Emil Eve Architects have sensitively remodelled a Victorian warehouse apartment in Clerkenwell with a design that juxtaposes historic texture with contemporary interventions to create a rich and layered dwelling.

The apartment is on the 2nd floor of a large brick building that fronts St John Street, with its high-end furniture showrooms and cafes. Acquired as a large empty shell, the space consisted of an industrial palette of exposed brickwork walls, columns and board-marked concrete ceiling slab.

Although an industrial palette can feel quite raw and harsh, the materials had such a beautiful range of tones and textures, they were retained and enhanced. Emil Eve’s approach was to contrast these rougher historic surfaces with contemporary interventions in a carefully considered palette of materials to complement the existing tones and create a warm and inviting home. A lot of timber was incorporated: both oak and lime-washed birch plywood, which bring a warm and domestic atmosphere to the spaces. Clayworks Clay Plasters, in a Smooth White Finish, soften the non-brick walls and capture the subtle changes of the light throughout the day.

The reimagined apartment is a comfortable home rich in materiality and texture. It reflects the historical industrial character by retaining the maximum perimeter of existing exposed raw brickwork and concrete.


Retrofirst is a campaign led by Architects Journal to promote retrofit of old buildings wherever viable, with the conservation of as many materials as possible to prevent waste. Of the 200,000 tonnes of waste we produce each year in the UK, almost 2/3 is construction waste. More than 600 architecture practices have now signed up to the campaign.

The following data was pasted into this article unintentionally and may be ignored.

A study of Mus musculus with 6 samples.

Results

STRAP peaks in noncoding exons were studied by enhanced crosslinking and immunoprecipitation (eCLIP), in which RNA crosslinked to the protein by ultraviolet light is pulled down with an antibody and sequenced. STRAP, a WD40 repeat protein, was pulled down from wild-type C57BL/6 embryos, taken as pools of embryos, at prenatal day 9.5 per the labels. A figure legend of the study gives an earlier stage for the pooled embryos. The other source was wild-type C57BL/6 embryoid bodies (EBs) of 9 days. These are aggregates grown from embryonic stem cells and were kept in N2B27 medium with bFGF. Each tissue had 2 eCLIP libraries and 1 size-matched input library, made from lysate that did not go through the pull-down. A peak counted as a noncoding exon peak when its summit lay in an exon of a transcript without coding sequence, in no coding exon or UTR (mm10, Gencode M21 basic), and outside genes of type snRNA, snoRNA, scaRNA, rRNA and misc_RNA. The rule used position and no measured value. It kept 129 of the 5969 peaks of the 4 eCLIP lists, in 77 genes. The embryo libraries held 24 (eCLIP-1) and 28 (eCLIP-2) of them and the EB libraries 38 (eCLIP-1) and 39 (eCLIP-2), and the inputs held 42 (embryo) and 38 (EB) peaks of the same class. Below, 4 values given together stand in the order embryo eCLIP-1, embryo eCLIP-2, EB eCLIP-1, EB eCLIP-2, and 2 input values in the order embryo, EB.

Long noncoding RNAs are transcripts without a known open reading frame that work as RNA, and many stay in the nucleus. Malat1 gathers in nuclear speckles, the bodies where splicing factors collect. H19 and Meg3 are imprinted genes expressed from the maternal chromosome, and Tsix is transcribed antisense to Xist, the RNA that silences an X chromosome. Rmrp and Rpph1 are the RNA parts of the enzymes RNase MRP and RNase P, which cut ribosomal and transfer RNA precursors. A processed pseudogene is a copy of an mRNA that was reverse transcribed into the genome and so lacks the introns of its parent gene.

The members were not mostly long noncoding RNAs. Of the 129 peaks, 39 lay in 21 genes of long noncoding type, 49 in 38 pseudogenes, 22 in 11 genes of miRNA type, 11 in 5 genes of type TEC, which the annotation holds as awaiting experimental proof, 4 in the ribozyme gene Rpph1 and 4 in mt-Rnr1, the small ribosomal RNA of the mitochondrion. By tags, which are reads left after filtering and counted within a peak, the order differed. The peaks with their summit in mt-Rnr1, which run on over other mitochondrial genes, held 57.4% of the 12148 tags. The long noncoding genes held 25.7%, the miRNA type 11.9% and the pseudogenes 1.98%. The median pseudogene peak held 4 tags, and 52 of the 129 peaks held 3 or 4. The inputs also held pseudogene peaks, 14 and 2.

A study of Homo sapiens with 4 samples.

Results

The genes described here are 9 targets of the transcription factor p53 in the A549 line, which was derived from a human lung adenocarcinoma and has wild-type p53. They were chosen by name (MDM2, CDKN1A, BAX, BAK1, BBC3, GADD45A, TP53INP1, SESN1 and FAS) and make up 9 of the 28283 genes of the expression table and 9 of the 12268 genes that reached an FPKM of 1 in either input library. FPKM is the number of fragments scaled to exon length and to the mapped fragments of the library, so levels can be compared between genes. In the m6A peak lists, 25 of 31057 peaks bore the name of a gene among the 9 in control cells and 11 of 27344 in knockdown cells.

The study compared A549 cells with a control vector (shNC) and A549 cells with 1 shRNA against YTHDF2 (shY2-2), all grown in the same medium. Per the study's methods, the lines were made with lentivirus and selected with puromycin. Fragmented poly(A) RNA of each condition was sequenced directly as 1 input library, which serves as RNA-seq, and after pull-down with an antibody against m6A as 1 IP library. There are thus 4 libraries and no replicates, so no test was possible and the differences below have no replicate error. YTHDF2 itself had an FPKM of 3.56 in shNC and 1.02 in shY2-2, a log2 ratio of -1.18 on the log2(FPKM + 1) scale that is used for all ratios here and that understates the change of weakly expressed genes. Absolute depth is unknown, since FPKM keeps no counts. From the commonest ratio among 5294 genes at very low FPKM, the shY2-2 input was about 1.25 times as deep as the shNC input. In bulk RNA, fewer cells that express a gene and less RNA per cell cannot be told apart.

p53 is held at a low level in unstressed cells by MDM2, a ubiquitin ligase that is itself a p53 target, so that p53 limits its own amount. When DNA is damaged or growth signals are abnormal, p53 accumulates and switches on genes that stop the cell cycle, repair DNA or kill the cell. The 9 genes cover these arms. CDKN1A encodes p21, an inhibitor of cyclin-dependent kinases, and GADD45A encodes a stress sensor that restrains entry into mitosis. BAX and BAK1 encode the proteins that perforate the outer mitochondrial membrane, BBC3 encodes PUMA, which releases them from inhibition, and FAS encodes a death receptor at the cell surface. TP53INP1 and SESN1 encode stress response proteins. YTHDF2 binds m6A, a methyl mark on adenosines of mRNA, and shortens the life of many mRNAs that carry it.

The greenest building is the one that already exists

Historic England claims that carefully retrofitting old buildings can contribute to significant carbon savings in the built environment sector. Retrofitting a detached Victorian home for example, could reduce carbon emissions by up to 84 per cent in new research urging re-use over demolition.

Retrofit of existing buildings is not only cost-effective but also conserves and enhances existing places and neighbourhoods. Re-purposing buildings make substantial embodied energy savings. Indeed, the Climate Change Committee Chair said in July 2021 that the government should promote the reuse of buildings and scrap VAT for retrofits providing sustainability improvements are made.

Clay and brick

Clayworks and Emil Eve Architects were joint winners of the Architects Specification Award in 2020 for their ground-breaking collaboration to create a clay plaster that protected historical brickwork and enhanced the unique aesthetics of the bricks in the basement of a Victorian building.

Emile Eve specialises in working with historic buildings, complex briefs and sensitive locations. They bring a unique response to each project rooted in the story of the place and the needs of the client.

Each design seeks to explore project-specific methods of craft and construction.


For more pictures, please see our case study feature.